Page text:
With her latest film 'Mary Kom' releasing this week, Priyanka Chopra gets candid about dealing with negativity, allegations of interference and more. Excerpts from an interview...
Looking sexy in a slinky blue dress (designed by Victoria Beckham, she tells us), Priyanka Chopra is looking perkier than her usual self. The actress in a freewheeling chat with hitlist...
Priyanka Chopra. Pic/PTI
You had said there’s a change happening in the industry in that more people are watching women-centric films...
Priyanka Chopra: Hopefully, it is happening. We, as Indians, tend to focus on what we don’t have rather than seeing the positive aspect of a situation. I am an eternal optimist. Do you accept that we live in a male-dominated world?
Priyanka: Now within those constraints, things are slowly changing in films. Ten years ago, you didn’t see girls doing anything more than dancing in songs and today, they are doing solo woman leads. But at the same time, we are doing films that are commercially successful. For example, I did Barfi!, and it was as much my film as Ranbir’s. Who could play Meenamma better than Deepika (Padukone) in Chennai Express or Katrina Kaif in Rajneeti? That didn’t happen for a long time. Now we are getting equal footage alongside the hero. Also, films like Fashion, Dirty Picture, Kahaani, Queen, and Highway had the respective actress’s solo picture on the poster, but that didn’t stop people from watching those films.
But it was just a phase in Bollywood when women were used as props; if you look at the history of cinema, actresses have done powerful roles earlier too...
Priyanka: Yes, I agree that it died for a while. After Madhuri (Dixit) and Sridevi, nothing was tailored for actresses. But now you see a whole new trend and this is because audiences are more aware now due to the internet. Now you are hired because you are damn good at what you do, and no one cares if you are a man or a woman. Today, so much noise is made when woman is wronged in the society whereas earlier everything was pushed under a rug.
Also, audiences don’t like their intelligence being taken for granted anymore. I love watching masala films, but I don’t want stupidity in the name of entertainment.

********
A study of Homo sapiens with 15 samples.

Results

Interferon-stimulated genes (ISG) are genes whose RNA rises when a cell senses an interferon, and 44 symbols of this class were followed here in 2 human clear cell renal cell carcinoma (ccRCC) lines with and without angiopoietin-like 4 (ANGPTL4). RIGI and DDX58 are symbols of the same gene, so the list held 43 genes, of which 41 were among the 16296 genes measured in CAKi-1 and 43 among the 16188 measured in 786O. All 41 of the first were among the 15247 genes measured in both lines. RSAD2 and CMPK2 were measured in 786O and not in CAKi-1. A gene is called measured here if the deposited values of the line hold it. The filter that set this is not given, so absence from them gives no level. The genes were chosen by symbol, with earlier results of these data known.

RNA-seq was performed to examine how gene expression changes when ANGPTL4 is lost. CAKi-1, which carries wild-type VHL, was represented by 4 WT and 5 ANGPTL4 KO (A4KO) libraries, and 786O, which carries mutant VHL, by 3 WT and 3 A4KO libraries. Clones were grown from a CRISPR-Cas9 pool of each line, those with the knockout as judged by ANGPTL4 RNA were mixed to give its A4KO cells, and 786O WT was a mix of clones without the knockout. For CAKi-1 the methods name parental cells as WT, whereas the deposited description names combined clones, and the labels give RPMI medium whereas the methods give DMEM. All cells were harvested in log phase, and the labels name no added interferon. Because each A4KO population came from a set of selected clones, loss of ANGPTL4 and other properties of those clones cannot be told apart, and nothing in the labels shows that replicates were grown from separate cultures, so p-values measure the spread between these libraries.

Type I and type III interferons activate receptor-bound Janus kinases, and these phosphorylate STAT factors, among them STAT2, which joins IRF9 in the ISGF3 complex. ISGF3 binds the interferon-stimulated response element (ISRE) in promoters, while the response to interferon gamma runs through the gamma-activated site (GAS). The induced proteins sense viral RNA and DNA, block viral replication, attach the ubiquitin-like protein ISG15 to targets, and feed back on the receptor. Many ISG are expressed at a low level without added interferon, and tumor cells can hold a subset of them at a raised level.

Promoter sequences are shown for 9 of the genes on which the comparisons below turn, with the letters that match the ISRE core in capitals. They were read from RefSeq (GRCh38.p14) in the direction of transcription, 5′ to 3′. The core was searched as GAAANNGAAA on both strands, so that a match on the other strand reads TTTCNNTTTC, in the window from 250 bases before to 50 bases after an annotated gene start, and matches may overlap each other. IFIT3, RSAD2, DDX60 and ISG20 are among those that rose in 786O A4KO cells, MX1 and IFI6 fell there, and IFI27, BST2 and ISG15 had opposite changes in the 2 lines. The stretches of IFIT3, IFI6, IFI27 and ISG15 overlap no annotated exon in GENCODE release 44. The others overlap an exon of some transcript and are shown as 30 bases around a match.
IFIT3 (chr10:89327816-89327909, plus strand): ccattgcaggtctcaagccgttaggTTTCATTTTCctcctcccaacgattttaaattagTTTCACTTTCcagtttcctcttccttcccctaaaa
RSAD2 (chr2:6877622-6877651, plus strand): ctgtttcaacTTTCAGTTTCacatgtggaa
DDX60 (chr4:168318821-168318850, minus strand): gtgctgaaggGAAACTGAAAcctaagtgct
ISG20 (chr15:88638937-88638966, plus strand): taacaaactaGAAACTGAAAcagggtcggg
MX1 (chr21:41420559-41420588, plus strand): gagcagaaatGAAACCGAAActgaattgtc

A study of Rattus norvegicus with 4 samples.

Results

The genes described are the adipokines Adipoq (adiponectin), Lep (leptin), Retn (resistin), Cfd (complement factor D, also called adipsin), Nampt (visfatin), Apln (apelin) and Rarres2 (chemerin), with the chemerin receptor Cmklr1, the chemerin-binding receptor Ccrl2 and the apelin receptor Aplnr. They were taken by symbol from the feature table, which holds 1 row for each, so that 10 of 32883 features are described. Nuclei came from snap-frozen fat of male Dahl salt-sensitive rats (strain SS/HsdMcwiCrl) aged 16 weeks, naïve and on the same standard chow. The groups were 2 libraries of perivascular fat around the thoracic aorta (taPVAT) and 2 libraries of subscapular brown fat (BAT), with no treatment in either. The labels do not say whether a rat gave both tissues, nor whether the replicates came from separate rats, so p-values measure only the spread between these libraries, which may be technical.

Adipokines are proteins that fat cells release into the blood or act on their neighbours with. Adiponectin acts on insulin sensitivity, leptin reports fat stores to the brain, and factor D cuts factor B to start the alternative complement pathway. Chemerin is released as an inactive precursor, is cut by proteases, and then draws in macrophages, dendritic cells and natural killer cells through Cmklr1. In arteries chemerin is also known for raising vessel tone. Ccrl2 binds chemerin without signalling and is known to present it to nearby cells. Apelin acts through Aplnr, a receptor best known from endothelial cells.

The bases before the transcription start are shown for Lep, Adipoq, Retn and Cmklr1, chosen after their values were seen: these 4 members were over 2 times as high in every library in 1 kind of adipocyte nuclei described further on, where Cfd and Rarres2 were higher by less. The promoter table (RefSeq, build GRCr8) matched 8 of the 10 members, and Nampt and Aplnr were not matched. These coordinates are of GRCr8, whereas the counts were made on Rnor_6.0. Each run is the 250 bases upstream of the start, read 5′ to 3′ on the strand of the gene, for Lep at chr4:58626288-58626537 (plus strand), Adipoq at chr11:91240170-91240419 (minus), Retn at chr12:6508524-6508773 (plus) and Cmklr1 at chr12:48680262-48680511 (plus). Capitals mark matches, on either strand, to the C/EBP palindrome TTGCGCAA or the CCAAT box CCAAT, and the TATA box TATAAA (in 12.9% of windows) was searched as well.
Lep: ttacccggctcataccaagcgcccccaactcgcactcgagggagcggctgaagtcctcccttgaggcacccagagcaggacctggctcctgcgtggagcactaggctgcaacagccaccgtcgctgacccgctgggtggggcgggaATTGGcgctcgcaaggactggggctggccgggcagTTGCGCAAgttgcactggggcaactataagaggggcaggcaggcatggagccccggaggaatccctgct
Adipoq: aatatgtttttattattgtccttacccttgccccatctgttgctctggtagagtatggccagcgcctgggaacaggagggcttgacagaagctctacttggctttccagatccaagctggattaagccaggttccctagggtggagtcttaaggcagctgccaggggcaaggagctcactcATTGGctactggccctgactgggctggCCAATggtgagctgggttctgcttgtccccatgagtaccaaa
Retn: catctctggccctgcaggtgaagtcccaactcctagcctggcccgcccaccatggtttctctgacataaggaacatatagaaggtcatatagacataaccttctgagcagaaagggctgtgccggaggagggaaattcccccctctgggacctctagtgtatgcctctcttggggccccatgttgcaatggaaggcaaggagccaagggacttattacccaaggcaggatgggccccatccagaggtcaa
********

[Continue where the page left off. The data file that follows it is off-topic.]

Has your definition of ambition changed too?
Priyanka: I didn’t know what it meant because I was just 17 years old, when I started out. I just wanted to be good at whatever I did and I still want the same thing. My ambition is to be the game changer. I want to leave behind a legacy... people should say that she did something ballsy and cool.
You are judged quite a lot...
Priyanka: That’s because I am opinionated and I put myself out there. Yes, a zillion people love me and that’s what’s kept me going, but it hurts when people forget that a celebrity is not a commodity. I don’t want to hurt people who talk crap about my family and me, as that is not dignified. But people can’t throw rocks at me all the time. I am asking those people to come say it to me on my face and judge me after hearing my point of view.
Has all that hate made you less vulnerable now?
Priyanka: No, I am still vulnerable. It is painful. When I am confronted with hate like this, I get very affected; I cry to my friends and family. It is very hard to keep dignity in silence.
Talking about criticism, we hear you interfered in every aspect of Mary Kom, the film...
Priyanka: One counter question. When men do it, do you guys laud them?
No, we don't.
Priyanka: When a hero does it, he is applauded but when a heroine does it, it is called interference. Why so — don’t we have brains? Yes, I am totally involved in every aspect of this film. My director hasn’t told me anything about it being interference on my part. Sanjay Leela Bhansali has given me the dignity and respect to be involved in the film, in every way possible.